Since becoming governor, I have spoken to many groups about my top priority: positioning Alaska’s economy for growth and our children and families for opportunity. As Alaskans, we are blessed with resources in abundance — fish and game, minerals, gas, oil and water. I’m optimistic about the many prospects we have to safely develop these natural resources, and I’m working hard to pursue every opportunity.
But one abundant Alaska resource cries out for our attention — our human resources, specifically our young people.
More than a third of our youth — 34 percent — don’t graduate from high school. And many of the students who do graduate are entering college or the work force unprepared. The University of Alaska has to put 65 percent of entering students through remedial courses. This is not acceptable.
It’s not just about the benefit to students, though that interest is significant. It’s about Alaska’s future. Economic opportunity and education are inextricably linked. As Alaska’s well-educated baby boomers retire, we must replace them with a well-educated workforce. Our families and our economic future depend upon it.
It’s not enough to have the prospect of a gas pipeline or other new investments by industry. Without the education and training required to prepare Alaskans for desirable careers, Alaska’s future is in jeopardy.
The threat is real, and we need to take it seriously. Providing youth the opportunity and incentive to earn their way to college or job training is the key to overcoming that threat. The time is now. We must take action.
So how do we ensure that Alaska’s students are prepared for the future? Through brain power. We’ve got to find a way to harness it, and we’ve got to find a way to keep it in Alaska.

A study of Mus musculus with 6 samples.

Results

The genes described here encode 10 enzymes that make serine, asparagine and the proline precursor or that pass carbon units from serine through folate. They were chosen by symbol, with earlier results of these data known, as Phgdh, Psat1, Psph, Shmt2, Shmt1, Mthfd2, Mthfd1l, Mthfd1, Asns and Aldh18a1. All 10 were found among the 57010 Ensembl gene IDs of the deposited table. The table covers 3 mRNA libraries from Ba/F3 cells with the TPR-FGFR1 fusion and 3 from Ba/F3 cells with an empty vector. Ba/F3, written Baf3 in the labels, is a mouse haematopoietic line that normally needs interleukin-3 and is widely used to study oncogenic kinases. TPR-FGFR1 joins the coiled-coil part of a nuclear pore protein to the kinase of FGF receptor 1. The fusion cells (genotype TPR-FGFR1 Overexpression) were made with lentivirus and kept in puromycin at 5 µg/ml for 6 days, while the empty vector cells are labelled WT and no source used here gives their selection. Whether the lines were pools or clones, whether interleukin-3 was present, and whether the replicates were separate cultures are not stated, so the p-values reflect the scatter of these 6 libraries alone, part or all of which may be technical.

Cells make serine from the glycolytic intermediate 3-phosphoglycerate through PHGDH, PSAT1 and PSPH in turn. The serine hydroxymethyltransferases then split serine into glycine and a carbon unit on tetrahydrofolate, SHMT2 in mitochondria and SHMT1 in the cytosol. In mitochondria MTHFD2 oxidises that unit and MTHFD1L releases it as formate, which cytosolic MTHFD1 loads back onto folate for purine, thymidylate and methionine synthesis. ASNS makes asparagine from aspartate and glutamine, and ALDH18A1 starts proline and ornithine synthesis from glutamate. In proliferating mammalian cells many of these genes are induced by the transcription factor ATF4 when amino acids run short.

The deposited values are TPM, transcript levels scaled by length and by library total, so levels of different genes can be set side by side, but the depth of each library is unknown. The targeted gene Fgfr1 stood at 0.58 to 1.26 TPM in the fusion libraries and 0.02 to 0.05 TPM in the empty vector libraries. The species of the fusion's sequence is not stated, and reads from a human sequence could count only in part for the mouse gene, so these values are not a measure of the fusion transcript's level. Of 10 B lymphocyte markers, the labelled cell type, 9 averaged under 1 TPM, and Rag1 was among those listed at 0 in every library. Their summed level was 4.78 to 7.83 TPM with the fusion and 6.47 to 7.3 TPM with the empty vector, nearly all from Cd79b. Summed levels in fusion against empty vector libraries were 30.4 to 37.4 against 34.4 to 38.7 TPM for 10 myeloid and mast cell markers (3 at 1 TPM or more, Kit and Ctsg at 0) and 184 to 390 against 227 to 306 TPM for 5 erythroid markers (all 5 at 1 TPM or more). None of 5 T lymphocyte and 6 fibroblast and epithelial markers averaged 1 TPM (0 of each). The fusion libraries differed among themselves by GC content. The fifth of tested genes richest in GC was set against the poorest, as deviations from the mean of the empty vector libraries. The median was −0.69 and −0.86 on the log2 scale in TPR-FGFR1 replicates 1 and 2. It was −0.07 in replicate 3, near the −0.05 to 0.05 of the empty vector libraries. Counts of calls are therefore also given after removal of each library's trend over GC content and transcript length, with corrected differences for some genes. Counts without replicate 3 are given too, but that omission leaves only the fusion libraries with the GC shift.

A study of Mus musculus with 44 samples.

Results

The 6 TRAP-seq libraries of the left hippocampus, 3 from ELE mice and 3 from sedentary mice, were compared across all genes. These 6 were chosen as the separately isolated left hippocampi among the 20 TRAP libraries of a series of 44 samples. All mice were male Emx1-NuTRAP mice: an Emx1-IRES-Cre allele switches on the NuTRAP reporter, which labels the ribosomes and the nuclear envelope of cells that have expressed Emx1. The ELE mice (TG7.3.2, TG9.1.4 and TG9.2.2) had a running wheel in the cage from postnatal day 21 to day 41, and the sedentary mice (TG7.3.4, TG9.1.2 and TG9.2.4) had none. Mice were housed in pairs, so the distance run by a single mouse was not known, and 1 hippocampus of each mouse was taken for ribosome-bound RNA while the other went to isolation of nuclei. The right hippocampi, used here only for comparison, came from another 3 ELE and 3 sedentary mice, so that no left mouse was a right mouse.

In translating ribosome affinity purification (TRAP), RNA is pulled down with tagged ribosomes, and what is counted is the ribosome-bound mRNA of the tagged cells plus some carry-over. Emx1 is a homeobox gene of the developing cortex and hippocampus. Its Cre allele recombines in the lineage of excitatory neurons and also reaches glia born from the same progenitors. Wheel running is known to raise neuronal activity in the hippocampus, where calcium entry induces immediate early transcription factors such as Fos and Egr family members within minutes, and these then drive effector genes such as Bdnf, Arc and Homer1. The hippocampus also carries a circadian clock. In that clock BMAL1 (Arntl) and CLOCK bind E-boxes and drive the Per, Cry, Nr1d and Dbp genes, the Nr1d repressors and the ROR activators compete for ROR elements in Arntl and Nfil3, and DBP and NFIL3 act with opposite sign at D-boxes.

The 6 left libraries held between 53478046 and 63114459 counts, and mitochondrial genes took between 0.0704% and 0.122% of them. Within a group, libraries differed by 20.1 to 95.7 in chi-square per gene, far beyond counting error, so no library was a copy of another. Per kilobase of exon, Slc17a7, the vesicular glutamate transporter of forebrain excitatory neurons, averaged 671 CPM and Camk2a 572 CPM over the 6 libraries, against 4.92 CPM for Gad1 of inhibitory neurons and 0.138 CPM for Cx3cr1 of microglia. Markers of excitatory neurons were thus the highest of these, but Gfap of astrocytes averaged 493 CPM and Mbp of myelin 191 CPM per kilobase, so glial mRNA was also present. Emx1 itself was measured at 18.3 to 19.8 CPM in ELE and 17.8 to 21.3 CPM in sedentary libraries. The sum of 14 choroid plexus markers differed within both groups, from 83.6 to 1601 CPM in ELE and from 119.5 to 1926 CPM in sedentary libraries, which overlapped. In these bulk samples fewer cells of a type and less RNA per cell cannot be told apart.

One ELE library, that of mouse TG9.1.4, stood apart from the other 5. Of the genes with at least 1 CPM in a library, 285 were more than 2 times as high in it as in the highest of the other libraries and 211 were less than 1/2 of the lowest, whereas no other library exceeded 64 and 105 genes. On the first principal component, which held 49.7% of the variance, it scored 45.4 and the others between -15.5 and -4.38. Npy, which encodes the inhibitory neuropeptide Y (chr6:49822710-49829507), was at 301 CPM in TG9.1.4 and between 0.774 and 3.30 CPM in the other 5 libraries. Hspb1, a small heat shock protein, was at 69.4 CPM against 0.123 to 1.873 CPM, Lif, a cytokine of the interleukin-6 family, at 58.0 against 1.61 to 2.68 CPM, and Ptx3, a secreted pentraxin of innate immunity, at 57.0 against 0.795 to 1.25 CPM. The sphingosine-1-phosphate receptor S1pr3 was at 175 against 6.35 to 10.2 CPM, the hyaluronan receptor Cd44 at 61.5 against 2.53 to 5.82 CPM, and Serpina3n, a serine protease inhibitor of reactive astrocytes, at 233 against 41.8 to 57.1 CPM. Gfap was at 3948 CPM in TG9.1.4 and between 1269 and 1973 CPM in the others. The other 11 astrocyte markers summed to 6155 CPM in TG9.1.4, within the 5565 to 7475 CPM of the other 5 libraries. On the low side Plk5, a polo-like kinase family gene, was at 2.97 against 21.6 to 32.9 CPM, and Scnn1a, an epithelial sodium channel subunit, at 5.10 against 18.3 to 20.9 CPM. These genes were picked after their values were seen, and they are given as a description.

That is the idea behind the Governor’s Performance Scholarship, or GPS. The GPS is a major education policy initiative I recently announced that will help students navigate their way to success. The scholarship program will allow eligible Alaska high school students to earn tuition scholarships for state universities and certain job-training programs in Alaska. To qualify, students will be required to achieve certain grade-point averages and pass a rigorous high school curriculum, including four years of math, four years of science, four years of language arts and three years of social studies.
The plan incentivizes students to strive for excellence by rewarding them with more scholarship money as grades improve. Students who complete this more rigorous curriculum with a C+ average will earn a scholarship equal to 50 percent of their in-state tuition. Students with a B average will get 75 percent paid, and students who complete this more rigorous curriculum with an A average will get 100 percent of their in-state university or job-training program paid.
Similar programs have been successful in 22 other states. With merit scholarships, more students graduate from high school; more go on to post-secondary education and they go prepared; more successfully complete college or job training, and they do it sooner; and more parents are involved in their students’ education and career path. The next generation will learn that with initiative, diligence and hard work, opportunities abound.
And we’ll pay for GPS in a responsible and sustainable way that will not place an endless burden on the state’s operating budget.
Not counting the Permanent Fund, the state has about $8 billion in savings. I’m asking the Legislature to fence off $400 million of that $8 billion, to invest it and to use the earnings to pay for these scholarships. Thirty years from now, the state will still have the $400 million in savings, but we’ll also have a better-prepared, better-trained workforce. I think you’ll agree — Alaska’s youth are worth it.
Sean Parnell became governor of Alaska in July. An attorney by trade and Alaskan since age 10, he previously served as a state representative and senator from Anchorage.